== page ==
Since its debut in 2005, The 25th Annual Putnam County Spelling Bee (conceived by Rebecca Feldman, with a book by Rachel Sheinkin and music and lyrics by William Finn) has become a popular production for regional theatre companies and audiences alike. Over the years, the North Carolina Triangle has been no exception to Spelling Bee love, and this past weekend North Raleigh Arts & Creative Theatre joined in the fun with its own shining production.

Spelling Bee follows the progress of six adolescent contestants as they vie to be the Putnam County Spelling Bee champ. Some, like the bumbling Leaf Coneybear and the shy and retiring Olive, seem unlikely prospects, while confident Marcy Parks and William Barfee (it’s pronounced bar-FAY) seem to have been bred from birth to take the title. As the contestants divulge in musical anecdotes how they arrived at the contest, whether by befriending a dictionary or by forceful coaching from their parents, we learn that the three adults in the room have struggles of their own. The host of the Bee, Ms. Rosa Lisa Peretti, continues to bask in the glow of her spelling bee title from twenty years ago. Meanwhile, quippy Vice Principal Panch seems to be trying to redeem himself from a mysterious embarrassment at a previous Bee. Adding to the Bee’s eccentricities, comfort counselor Mitch Mahoney provides a unique perspective as a recovering criminal completing his community service. Through the course of the show, we see the characters’ individual stories and desires clash and intertwine in comical, and sometimes poignant, ways.

Set in the singular space of a school, the technical challenges of this one-act musical are manageable, making Spelling Bee an excellent choice for volunteer-based non-profits like NRACT. The production’s technical designers have used simplicity to create a strong design. Set designer Mike Anderson’s simple school gymnasium, adorned with Miyuki Su’s painted banners* boasting the Bee’s 25th anniversary, immediately informs us of the small-town setting. The space is realistic and workable for the nine actors (and the three audience participants who join them) as they execute director Yvonne Anderson’s efficient blocking and transitions. Lighting designers Victoria Barnes and Anthony West have programmed distinct cues and washes of color for flashback sequences that animate the stage as actors move set pieces seamlessly between musical numbers. Costume designer Rachel McKay has constructed a cohesive design that clearly conveys each character’s personality and relates them to present day with details such as a familiar “equality” t-shirt on politically active spelling bee contestant Logainne Schwartzandgrubenierre. The relevance was strengthened with quick references to the current political climate and the most recent GOP debates. Clearly, the production team members did their homework.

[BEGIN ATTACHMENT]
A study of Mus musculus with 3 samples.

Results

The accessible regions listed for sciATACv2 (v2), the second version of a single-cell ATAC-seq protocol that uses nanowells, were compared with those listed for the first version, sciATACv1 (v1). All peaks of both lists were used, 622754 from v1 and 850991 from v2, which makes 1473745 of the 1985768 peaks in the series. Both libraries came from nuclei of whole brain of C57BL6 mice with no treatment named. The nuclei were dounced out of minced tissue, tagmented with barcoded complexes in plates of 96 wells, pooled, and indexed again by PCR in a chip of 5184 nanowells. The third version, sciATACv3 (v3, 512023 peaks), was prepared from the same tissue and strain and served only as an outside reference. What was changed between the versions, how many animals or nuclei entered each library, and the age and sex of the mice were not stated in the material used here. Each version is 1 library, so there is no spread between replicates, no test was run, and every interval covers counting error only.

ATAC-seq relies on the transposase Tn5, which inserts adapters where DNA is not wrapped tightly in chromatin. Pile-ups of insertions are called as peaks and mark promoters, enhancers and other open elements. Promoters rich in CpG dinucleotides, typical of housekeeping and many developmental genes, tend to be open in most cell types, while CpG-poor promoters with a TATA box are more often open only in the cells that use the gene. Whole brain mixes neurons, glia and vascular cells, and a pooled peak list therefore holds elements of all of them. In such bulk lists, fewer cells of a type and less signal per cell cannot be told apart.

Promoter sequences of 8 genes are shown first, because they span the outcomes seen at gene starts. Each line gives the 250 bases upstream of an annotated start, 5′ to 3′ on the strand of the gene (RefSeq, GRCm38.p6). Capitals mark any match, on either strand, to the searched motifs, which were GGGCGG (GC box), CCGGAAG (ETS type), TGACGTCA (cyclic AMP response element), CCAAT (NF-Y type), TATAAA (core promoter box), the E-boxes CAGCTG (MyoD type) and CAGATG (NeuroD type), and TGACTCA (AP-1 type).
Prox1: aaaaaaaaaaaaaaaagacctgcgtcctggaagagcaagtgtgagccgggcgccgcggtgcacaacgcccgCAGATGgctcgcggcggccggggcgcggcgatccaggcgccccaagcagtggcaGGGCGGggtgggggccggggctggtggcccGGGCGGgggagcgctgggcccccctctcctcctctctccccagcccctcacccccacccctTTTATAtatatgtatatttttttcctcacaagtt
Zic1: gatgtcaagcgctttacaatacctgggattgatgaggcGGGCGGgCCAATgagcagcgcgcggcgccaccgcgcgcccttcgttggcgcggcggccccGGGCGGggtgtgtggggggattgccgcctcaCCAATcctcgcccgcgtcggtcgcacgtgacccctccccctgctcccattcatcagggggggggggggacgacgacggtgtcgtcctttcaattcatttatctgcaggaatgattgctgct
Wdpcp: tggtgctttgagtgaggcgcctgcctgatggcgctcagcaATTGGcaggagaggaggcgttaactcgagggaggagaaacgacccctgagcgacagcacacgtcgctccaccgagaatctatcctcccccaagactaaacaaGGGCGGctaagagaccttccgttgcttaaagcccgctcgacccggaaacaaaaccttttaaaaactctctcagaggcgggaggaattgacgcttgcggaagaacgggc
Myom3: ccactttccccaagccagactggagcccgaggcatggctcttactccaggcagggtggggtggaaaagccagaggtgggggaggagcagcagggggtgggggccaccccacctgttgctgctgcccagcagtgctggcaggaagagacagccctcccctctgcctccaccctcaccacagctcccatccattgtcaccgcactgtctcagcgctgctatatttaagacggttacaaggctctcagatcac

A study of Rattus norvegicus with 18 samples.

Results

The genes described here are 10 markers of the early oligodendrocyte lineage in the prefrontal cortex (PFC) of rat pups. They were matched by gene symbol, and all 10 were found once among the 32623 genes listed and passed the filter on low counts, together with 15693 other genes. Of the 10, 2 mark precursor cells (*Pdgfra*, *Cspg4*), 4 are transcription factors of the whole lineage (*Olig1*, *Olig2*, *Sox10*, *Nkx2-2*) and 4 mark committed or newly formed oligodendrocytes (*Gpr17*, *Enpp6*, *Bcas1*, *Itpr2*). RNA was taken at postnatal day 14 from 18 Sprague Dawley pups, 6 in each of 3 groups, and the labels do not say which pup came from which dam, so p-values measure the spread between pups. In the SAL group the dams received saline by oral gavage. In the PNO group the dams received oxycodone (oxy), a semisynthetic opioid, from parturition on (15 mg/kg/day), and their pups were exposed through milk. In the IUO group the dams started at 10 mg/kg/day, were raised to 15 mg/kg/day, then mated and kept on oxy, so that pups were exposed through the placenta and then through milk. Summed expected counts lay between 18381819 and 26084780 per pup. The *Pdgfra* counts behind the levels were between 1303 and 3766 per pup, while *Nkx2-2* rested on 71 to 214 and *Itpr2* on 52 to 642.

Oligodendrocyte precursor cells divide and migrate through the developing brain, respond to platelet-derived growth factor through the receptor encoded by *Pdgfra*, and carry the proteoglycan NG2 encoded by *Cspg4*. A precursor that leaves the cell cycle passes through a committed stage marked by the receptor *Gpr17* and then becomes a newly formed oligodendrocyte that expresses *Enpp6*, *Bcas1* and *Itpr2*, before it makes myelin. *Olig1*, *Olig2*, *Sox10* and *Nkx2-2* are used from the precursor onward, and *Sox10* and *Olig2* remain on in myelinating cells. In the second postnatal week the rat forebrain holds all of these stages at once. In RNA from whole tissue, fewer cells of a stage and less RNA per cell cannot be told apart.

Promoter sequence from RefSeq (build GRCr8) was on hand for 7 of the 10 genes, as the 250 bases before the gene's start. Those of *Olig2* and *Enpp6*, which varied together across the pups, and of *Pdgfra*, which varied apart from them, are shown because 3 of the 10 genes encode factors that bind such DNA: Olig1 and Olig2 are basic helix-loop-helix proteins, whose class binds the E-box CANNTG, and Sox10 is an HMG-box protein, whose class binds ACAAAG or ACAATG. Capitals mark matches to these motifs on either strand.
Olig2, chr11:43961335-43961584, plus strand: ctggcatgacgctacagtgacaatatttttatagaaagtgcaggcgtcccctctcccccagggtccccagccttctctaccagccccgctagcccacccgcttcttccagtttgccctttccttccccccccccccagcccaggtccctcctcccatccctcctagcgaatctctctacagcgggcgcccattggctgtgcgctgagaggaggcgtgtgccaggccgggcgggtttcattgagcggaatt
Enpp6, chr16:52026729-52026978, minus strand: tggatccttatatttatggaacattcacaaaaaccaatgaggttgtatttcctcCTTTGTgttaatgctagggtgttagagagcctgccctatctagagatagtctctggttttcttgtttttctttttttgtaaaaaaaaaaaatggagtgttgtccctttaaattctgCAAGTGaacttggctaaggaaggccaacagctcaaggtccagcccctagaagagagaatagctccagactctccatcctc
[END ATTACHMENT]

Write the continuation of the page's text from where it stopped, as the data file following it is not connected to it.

In reading his thoughtful program note, it became clear that musical director Craig Johnson did his homework as well. His understanding of the piece combined with the strength of a talented cast resulted in a mighty fine performance. Maribeth McCarthy embraced the boldness of the nostalgic Bee host Ms. Peretti. She and the versatile New York transplant Nick Izzio (Mitch Mahoney, Logainne’s Dad and Olive’s Dad) seemed to lead the ensemble vocally. Their trio with Randi Winter (who played a perfectly modest Olive Ostrovsky) was a vocal highlight of the performance. The full ensemble supported one another and shone individually with the often-complex vocal score. Jay Dolan and Dan Hawkins foiled well as the defending champ/Boy Scout Chip Tolentino and the quirky cape-wearing underdog Leaf Coneybear, respectively. Curtis Scott Brown embodied the stuffy, sometimes surly William Barfee, and Aubrey Comperatore was a delight as Logainne Schwartzandgrubenierre. Though she seemed to be battling some vocal injury or fatigue, Elizabeth Anderson maintained her energy through Marcy Park’s physical solo, “I Speak Six Languages.” Dustin Britt’s personality as the lanky Vice Principal Panch was spot-on and hilarious. With a cast comprised of such talented, humble entertainers, audiences should have no problem relating to at least one misfit on stage. At a steady clip, timing just less than two hours, Spelling Bee makes for an entertaining night for all ages.

The 25th Annual Putnam County Spelling Bee continues through Sunday, March 20. For more details on this production, please view the sidebar.

*Edited/corrected 3/7/16: The banners and sign were provided by a professional company; Miyuki Su painted the set.